We pushed rather hard in Canada, so we decided to slow down for a few days starting with Digby and Fredericton.  Getting back into the U.S., we stopped early in the day in Bangor.  Having seen it before, we just settled into our hotel.

Having never visited the southern coast of Maine, we started out that way the next day.  It can be summed up as B & B’s, flea

Camden harbor

markets and antique shops.  We also noted that the downtown areas had many more brick buildings than we had been seeing.  We prefer the more rustic north Maine areas (Bar Harbor and environs excepted).

Camden is quite polished.  In fact, it revived an old condition of Alie’s: “chic-a-phobia.”  It was chic (tai chi lessons on the library lawn) and very crowded for a Sunday Morning. 


Wolfesburg, another attractive town, was similarly freshened up for the tourists, but the many buildings of Brewster Academy (prep school for a little over $45000/year) were interesting.

Tiring of seeing the impact of so much money, we headed inland into New Hampshire through some lovely forested areas.  It was still a bit crowded, but not chic.  We stopped along a rushing stream for a picnic lunch.  The outhouses were the most filthy we have ever seen.  Sometimes chic is better.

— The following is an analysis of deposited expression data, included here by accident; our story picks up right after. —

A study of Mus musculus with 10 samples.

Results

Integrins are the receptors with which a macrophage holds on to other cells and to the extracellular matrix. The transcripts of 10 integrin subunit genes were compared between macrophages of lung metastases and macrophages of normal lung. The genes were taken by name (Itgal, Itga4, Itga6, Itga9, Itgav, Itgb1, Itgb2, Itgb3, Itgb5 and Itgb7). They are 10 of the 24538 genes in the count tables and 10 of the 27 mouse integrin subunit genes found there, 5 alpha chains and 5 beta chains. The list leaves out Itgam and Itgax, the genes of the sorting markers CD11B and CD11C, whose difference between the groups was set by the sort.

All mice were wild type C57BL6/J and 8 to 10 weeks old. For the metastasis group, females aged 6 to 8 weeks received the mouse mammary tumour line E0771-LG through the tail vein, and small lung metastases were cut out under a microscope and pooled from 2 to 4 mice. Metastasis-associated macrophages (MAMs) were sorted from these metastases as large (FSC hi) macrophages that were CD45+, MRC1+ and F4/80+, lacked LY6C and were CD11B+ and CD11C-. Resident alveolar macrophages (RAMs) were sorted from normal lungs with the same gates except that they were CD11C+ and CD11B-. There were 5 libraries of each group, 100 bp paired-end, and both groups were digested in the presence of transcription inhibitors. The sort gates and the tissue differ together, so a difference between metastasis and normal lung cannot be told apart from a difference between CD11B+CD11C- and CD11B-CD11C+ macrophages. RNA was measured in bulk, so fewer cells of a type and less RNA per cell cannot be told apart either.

After spending the night in Keene, N.H., we headed south again through Massachusetts and Connecticut to West Point in New York.  Along the way, we passed through Northfield, MA and were astounded at the number of huge old houses.  It turned out it was the 19th Century version of chic.  The home of Dwight L. Moody, the evangelist, he held many religious conferences there, and it became a resort town for wealthy religious people.

We missed seeing West Point the fall of 2002 (there was a football game that day) but had a really interesting tour this time.  Note all the hymnals in the chapel: they are lined up with military precision.  Our guide called the building style “military gothic,” gothic with battlements rather than spires.  In the one picture, you can see some of the barracks beyond the parade ground, the mess hall in the center and the chapel on the hill.  As it is summer, academic classes are over but military training continues.  The cadets get four weeks leave spread out over the year.  The final picture here looks out over the Hudson valley with West Point to the right.  When will “Duty, Honor and Country” be chic?


About ralietravels

Ray and Alie (Ralie) are a retired couple who love to travel. Even during our working years, we squeezed a trip in whenever we could, often when we had to stretch the budget to do so. We have been fortunate to vacation in all 50 states, all the provinces of Canada and one territory and a little more than 50 countries. We like to drive, but we particularly love to travel back roads to find unusual sights, people, and experiences.

  1. John Thomas says:

    Looked at your latest after your description at BUPAC of the Canada trip. Then I saw your West Point info. Did you see the Million Dollar view? I enjoy your material.